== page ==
Duke Professor Tiedrich (’88) on the Environmental Footprint of AI, at COP27
AI systems hold the promise to help advance sustainability goals but policies and practices relating to implementing and measuring the significant computational resources to power them must be appropriately managed to maximize their net benefit to the environment and society. November 15th, Duke Law School and Initiative for Science & Society professor Lee Tiedrich (’88Eng.) will present at the United Nations Climate Change Conference (COP27) in the Organization for Economic Co-operation and Development (OECD) Pavilion on the environmental promise and environmental costs of AI in the coming century.
Co-chair of the Responsible AI Strategy for the Environment (RAISE) committee at the Global Partnership on AI (GPAI), Tiedrich will be joined for the panel with experts from the OECD.AI Expert Group on AI Compute and Climate and others to launch and discuss the applications of their report “The AI footprint: measuring the environmental impacts of AI compute and applications.”
Their report examines existing measurement tools and key challenges for quantifying the positive and negative environmental impacts of training and deploying AI models and their applications. By creating and tracking AI-specific measures of compute, sharing best practices, and supporting new and innovative AI applications for fighting climate change, countries can help ensure that AI is trained and deployed in the most sustainable way possible, while minimizing negative impacts, for the good of the planet.
COP27 Panel: What is the environmental footprint of artificial Intelligence?
Online event, November 15, 2022, 10 – 11:15 EDT
Lee Tiedrich’s Work at Duke
A Duke ’88 alumna with a degree in electrical engineering and over 30 years of legal experience, Tiedrich has had a long career bridging technology, law, and policy. As a partner at the global law firm Covington & Burling LLP, she served as co-chair of the firm’s global and multi-disciplinary AI Initiative and counseled organizations on a broad range of data and technology matters, including policy, governance, intellectual property, transactions, regulatory, and digital transformation.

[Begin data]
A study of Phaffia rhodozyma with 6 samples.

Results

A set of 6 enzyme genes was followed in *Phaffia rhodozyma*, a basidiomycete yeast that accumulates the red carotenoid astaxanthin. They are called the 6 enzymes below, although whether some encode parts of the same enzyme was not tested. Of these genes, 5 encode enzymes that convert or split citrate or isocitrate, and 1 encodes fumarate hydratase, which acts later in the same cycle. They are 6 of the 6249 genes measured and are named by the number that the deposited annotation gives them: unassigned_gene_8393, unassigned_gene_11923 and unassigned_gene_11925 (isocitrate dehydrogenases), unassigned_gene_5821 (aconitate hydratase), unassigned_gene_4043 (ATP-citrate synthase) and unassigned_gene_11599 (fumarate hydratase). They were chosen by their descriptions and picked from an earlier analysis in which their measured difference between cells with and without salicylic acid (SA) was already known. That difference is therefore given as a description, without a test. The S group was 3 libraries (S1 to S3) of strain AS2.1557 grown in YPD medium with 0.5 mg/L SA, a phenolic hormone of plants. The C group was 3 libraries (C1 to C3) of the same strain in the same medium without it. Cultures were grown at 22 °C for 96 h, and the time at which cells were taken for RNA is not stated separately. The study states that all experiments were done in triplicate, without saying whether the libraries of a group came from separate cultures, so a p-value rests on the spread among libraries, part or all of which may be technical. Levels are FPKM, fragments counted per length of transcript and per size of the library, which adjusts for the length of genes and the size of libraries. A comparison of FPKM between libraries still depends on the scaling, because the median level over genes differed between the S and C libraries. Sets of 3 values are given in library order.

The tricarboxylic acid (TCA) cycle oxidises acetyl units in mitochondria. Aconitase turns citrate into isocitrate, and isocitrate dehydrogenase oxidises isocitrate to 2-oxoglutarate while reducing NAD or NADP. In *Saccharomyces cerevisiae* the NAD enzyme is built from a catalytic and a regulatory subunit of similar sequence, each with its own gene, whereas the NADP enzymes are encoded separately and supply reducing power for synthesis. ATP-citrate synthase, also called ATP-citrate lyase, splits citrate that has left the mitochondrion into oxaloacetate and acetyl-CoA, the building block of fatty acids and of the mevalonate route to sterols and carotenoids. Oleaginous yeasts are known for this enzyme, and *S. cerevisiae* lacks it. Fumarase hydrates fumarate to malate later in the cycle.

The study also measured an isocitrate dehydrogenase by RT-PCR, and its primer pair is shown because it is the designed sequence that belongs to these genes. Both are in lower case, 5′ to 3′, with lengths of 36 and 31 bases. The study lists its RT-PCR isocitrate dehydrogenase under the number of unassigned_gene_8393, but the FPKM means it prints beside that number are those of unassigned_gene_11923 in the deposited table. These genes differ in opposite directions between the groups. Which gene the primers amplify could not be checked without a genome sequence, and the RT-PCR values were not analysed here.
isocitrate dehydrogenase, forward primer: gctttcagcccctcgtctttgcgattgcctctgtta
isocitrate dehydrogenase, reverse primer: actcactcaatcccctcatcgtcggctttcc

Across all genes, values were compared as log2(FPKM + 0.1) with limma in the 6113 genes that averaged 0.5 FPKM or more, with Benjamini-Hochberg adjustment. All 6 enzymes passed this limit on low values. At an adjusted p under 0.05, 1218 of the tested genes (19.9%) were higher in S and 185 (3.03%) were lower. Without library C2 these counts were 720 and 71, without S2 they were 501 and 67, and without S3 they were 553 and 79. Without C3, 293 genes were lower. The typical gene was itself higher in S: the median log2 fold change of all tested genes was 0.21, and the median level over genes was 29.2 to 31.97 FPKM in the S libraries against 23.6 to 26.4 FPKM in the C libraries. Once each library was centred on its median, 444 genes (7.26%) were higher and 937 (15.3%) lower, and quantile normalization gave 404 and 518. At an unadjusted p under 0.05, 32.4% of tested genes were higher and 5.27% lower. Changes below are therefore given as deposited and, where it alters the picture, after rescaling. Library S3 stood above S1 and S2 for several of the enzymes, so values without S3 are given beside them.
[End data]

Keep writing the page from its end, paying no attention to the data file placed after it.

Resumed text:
At Duke University, Tiedrich is the Distinguished Faculty Fellow in Ethical Technology with a dual appointment at Duke Law School and Duke Science & Society. Building upon her 30 years of practicing law at a leading global law firm and her electrical engineering studies, Professor Tiedrich focuses on developing practical solutions that help enable society to unlock the benefits of data, AI, and other emerging technologies in a trusted manner that also protects fundamental rights and our national security.
She currently teaches a Fall course in Artificial Intelligence Law and Policy, an upcoming new Spring course in Data Governance and Sharing, and the Ethical Technology practicum in both Fall and Spring semesters. In the Practicum, teams of graduate students from across Duke’s academic disciplines work on pressing real-world ethical tech projects with international, non-profit and corporate organizations.
Tiedrich also leads the Responsible Data and Emerging Technologies Program within Science & Society’s Ethical Tech program. In this work, Tiedrich drives interdisciplinary scholarship and thought leadership convenings with Duke faculty and external stakeholders for the development and analysis of best practices in data sharing, data governance, and the assessment of AI impacts.